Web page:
Electric guitar as a folk instrument
So many guitarists focus on the sound produced by their instrument rather than the actual music executed by the player. The sound of pop music is important. But there's such a thing, I think, as an unhealthy obsession with sound. Or to cast it in more familiar terms: an obsession with form over content. Go into a music store and you'll hear all manner of players playing a few repetitive figures while twisting knobs to evoke strange strange sonic mutations.
I won't go so far as to single out sonic obsessions as either useless or harmless. To me it's very clear that pop music depends upon such sonic treatments; it's almost as clear that there are some musically-gifted players within the ranks of pop musicians.
Here's where the argument turns to the guitar as a "folk" instrument in the broadest sense: as an instrument of the people. A beginner can learn to bang out a few chords on a budget instrument within a matter of days, and can be taught (or can learn by ear) to mimic the essential changes of many pop songs. The musicianship really isn't an issue at this stage. The guitar is normally an accompaniment to the lyrics and sung melody of the song. No other instrument - as far as I know - provides the kind of immediate gratification that one can get from learning the basics of playing the guitar.
Mastery of the instrument is an entirely different matter. A remark made by a guitarist I met in my college days has stuck with me after almost 40 years: You can spend a lifetime trying to master the guitar. And that, I think, is where we get into matters of pedagogy and of recalcitrant students.
There's just so much to learn about playing this instrument. Is there a "best" place to start? Personally, I don't believe that there is. There's a Bhuddist proverb: "When the student is ready, the teacher will appear." As a teacher you can try to guide a student toward the next step in his or her development, but you're going to get the best results when the student is engaged through virtue of being ready to learn what you have to teach.
My mother's side of the family was made up largely of classically-trained musicians. I was surrounded by family members performing music and had every opportunity to take lessons - opportunities which I repeatedly declined. My mother, bless her soul, didn't force the issue. I'm sure that she would have preferred that I not make so much noise playing electric guitar, but that's what I was interested in and motivated to do. As a self-taught musician of that era, considering the relatively small amount effort that I put into actually learning the instrument, I did alright.
When I got back into playing the guitar after a twenty-year layoff I realized two things fairly quickly:
- There are a lot of technically superior guitarists out there now, thanks to the virtual explosion in all aspects of the music industry - including instruction and instructional materials - since I had stopped playing in the late 1970s.
- Playing the same folk, pop and blues/rock songs that I had grown up with (or songs in those genres, to be honest) wasn't going to provide sufficient musical motivation for me.
I saw two alternatives:
- Study classical guitar. I know my learning style. I'm independent and stubborn and enjoy learning the most when I can figure things out on my own. This seems not to be the way of classical music instruction.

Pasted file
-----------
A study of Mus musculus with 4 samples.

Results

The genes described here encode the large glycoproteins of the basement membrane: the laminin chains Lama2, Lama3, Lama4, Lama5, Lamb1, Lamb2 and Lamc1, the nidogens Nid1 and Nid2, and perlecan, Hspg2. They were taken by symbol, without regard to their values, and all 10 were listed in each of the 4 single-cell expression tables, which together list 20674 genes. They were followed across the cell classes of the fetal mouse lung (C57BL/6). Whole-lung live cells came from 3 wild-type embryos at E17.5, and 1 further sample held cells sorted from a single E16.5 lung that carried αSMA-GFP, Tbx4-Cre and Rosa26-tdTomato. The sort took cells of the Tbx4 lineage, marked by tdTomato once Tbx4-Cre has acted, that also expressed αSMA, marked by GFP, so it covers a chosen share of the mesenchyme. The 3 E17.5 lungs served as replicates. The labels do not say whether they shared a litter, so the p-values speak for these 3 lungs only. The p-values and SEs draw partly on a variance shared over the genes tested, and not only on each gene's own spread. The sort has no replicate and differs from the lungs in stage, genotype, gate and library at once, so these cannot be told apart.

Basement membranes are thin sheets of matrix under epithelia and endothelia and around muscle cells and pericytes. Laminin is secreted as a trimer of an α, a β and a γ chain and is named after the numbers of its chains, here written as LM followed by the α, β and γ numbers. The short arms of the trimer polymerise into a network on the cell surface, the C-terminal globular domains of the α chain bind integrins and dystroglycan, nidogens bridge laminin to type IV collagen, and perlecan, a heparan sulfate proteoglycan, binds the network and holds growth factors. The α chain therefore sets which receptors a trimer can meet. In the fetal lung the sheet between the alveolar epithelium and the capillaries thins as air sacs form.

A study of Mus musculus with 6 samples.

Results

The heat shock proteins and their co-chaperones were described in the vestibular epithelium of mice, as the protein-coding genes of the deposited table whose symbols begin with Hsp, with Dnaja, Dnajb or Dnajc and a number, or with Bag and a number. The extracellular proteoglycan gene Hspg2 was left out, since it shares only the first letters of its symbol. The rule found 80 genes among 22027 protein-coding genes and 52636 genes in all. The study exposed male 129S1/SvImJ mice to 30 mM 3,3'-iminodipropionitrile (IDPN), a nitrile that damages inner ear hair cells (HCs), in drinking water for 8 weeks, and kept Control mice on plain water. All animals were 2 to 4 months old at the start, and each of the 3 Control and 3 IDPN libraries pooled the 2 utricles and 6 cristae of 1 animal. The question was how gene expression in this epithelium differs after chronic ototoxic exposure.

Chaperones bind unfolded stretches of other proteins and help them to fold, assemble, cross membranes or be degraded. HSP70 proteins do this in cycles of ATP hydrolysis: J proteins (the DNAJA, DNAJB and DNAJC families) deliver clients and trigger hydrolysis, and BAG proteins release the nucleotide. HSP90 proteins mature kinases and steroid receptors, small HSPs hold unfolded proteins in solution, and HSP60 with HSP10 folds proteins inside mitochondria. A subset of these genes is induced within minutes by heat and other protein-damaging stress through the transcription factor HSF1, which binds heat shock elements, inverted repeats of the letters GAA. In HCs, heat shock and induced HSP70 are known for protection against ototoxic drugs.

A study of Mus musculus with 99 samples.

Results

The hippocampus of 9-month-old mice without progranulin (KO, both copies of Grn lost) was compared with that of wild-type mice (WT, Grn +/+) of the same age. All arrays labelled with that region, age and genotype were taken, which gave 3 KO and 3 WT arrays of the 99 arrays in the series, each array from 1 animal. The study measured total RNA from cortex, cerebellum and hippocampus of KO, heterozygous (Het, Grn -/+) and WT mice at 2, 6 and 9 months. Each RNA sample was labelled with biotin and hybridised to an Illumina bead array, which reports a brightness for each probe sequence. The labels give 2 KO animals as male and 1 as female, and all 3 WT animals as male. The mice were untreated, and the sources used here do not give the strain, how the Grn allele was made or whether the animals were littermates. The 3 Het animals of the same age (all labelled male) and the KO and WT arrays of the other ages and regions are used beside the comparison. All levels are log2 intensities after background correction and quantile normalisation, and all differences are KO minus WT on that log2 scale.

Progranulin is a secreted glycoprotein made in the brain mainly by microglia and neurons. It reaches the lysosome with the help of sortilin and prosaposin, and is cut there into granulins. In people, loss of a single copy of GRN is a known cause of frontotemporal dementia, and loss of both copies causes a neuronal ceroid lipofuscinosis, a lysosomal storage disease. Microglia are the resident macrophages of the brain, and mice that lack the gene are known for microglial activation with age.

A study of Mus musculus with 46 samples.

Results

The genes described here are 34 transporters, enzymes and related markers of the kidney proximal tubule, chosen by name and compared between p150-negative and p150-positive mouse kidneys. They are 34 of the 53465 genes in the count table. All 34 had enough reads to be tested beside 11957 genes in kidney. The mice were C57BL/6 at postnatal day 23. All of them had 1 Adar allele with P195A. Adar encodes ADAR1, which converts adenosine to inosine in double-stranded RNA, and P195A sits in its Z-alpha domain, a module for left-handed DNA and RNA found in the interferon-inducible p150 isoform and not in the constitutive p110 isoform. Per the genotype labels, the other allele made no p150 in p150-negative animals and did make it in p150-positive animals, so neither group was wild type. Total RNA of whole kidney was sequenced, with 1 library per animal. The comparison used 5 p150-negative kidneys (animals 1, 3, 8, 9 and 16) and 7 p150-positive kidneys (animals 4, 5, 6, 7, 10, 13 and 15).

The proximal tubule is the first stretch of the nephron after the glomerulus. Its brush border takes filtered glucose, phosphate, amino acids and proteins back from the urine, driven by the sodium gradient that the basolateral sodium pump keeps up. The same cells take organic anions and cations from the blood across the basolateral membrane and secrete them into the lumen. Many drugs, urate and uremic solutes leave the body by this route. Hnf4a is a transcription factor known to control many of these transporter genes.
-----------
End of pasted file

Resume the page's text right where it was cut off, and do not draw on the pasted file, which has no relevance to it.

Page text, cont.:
- Try to learn something about jazz. I didn't arrive at this immediately, but rather after having spent a couple of years "chasing sounds" among the cornucopia of MI products that had sprung up like mushrooms during my twenty-year layoff. I gradually came to understand - mostly from looking for music lessons online - that the jazz guitarists had a lot more interesting things to say to me about the instrument than did folks teaching other genres of music. I was interested not so much in technique as I was in unlocking some of the mysteries of music itself, and the jazz guys seemed to me to have a leg up on this...
My younger brother has been studying classical guitar for years and plays beautifully. His playing amazes me with the depth of expressiveness and emotion that he brings to the music. But to him, it's all notes on the page. The last time I visited him (several years ago) he marvelled at some lame improvisation I had tossed off without much thought. From his viewpoint the ability to improvise is a gift, not something that can be learned. (I strongly disagree with that, BTW.) At the same time, I looked upon his sheet music as some weird heiroglyphs that I'd have to struggle to understand.
My quest has become to bridge some of the gaps in my understanding of music. I'm picking my subjects based upon what motivates me at the moment. Could I learn more, faster with a teacher? Maybe. Probably. But doing so would go against all of my instincts. My life has shown me many examples of the truth of that Bhuddist proverb about the teacher and the student: when I have gone as far as I can on my own, the "teacher" appears in the form of a book or an article or a chance meeting with a fellow pilgrim who just happens to know how to teach me about the next part of the puzzle that I'm trying to solve. For without the motivation and need to learn, the available learning resources mean nothing to me.
My outlook on education is difficult to reconcile with teaching as a profession. If you need to make a living as a teacher, you must think as a business person thinks. You need students to appear on a regular schedule so you can have a dependable income in order to be able to keep teaching. A good teacher will have plans and curricula that can be adapted to the needs of the students, and the ability to recognize when it's appropriate to lead the student and when it's necessary to let the student lead the way while you offer advice and insight.